Davis-Monthan Air Force Base begins retirement of A-10 fleet

U.S. Air Force photo

The A-10 Thunderbolt II aircraft, also known as the “Warthog,” is being retired at Davis-Monthan Air Force Base after nearly 50 years of service.

The first aircraft, tail number 82-648, was phased out and transited from the 354th Fighter Squadron to the 309th Aerospace Maintenance and Regeneration Group (AMARG), colloquially known as the Boneyard, for long-term storage at Davis-Monthan AFB.

The 355th Wing is divesting its fleet of A-10s as the US Air Force shifts its focus towards modernization and acquiring aircraft better suited for operations in contested environments. The pilots and maintainers at Davis-Monthan will transition to new roles within the USAF as the A-10s make way for newer platforms, such as the F-35 Lightning II.

Designed by Fairchild Republic in the 1970s, the A-10 was created for close air support missions and gained legendary status for its ability to provide precise firepower in support of ground forces. It played a crucial role in missions ranging from Operation Desert Storm to the Afghanistan and Iraq wars during the so-called Global War on Terrorism, earning praise for its ruggedness and effectiveness on the battlefield.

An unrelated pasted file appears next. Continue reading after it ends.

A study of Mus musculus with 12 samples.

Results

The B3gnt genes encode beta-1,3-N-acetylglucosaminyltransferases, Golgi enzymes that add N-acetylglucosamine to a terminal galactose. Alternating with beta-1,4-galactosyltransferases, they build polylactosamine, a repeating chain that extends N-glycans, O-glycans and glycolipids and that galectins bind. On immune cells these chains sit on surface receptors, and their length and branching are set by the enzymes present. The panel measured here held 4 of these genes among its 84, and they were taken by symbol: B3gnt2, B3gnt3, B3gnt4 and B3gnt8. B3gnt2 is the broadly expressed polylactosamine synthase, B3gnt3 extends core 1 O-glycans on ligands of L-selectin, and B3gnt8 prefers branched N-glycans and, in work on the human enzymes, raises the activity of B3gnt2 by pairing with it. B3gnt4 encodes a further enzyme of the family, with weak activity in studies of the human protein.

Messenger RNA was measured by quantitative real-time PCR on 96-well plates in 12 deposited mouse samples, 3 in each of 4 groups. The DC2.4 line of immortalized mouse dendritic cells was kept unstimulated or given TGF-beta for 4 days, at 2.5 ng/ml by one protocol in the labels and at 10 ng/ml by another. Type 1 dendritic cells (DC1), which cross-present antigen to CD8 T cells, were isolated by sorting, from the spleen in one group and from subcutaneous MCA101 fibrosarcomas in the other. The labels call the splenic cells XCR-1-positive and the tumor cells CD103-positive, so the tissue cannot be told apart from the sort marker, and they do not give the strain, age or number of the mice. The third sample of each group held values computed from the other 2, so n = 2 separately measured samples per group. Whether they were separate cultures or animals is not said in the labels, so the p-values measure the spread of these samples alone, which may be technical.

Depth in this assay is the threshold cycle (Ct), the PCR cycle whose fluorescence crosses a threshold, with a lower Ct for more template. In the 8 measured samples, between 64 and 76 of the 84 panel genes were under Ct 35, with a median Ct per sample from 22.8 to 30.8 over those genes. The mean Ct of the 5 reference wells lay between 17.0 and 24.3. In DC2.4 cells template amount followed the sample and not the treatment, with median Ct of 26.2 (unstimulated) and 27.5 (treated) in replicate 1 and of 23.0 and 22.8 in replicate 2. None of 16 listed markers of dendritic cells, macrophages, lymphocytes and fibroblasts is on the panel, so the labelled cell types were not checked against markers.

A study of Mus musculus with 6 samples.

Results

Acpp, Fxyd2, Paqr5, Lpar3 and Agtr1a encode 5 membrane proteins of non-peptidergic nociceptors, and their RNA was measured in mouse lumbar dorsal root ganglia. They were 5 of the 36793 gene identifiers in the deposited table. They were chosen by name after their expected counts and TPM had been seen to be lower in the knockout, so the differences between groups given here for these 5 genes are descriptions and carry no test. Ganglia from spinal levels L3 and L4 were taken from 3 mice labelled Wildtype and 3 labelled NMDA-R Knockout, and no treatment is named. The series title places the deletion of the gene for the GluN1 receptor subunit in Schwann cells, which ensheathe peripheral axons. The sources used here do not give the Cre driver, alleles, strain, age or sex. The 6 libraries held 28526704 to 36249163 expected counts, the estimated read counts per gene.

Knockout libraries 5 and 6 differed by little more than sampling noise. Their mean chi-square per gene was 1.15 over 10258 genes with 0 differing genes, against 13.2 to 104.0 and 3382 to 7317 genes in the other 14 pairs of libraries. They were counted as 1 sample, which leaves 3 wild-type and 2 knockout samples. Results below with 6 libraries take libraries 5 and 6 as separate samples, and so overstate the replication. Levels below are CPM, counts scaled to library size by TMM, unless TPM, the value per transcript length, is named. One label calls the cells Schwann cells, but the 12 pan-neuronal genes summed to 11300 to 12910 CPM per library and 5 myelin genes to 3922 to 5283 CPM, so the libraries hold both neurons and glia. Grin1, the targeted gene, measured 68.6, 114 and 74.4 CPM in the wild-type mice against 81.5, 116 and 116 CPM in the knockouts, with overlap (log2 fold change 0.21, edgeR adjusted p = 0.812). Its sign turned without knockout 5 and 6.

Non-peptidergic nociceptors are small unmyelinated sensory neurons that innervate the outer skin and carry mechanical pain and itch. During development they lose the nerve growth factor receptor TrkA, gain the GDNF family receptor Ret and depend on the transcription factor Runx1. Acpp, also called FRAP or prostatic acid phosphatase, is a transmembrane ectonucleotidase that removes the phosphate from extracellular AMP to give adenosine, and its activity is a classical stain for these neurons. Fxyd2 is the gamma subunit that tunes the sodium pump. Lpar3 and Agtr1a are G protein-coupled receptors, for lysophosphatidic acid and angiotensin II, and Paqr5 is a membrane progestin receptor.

“The plane is unique in its diverse ability to support our ground team not only with precision munitions from a distance, like we’re doing as we speak in the Middle East, but also with scalpel-like accuracy using the GAU-8 gun under the most difficult environments imaginable,” US Air Force Colonel Razvan Radoescu, 355th Operations Group commander, commented. “The plane, coupled with our high-level training standards, are the reasons so many of our joint and coalition forces returned home to fight another day – because they had A-10s overhead covering their six, or employing weapons to save their lives when nobody else could.”

As the A-10 fleet is gradually retired over the next three to five years, Davis-Monthan Air Force Base will undergo a transition period. Plans are underway to expand its capabilities in areas such as rescue operations.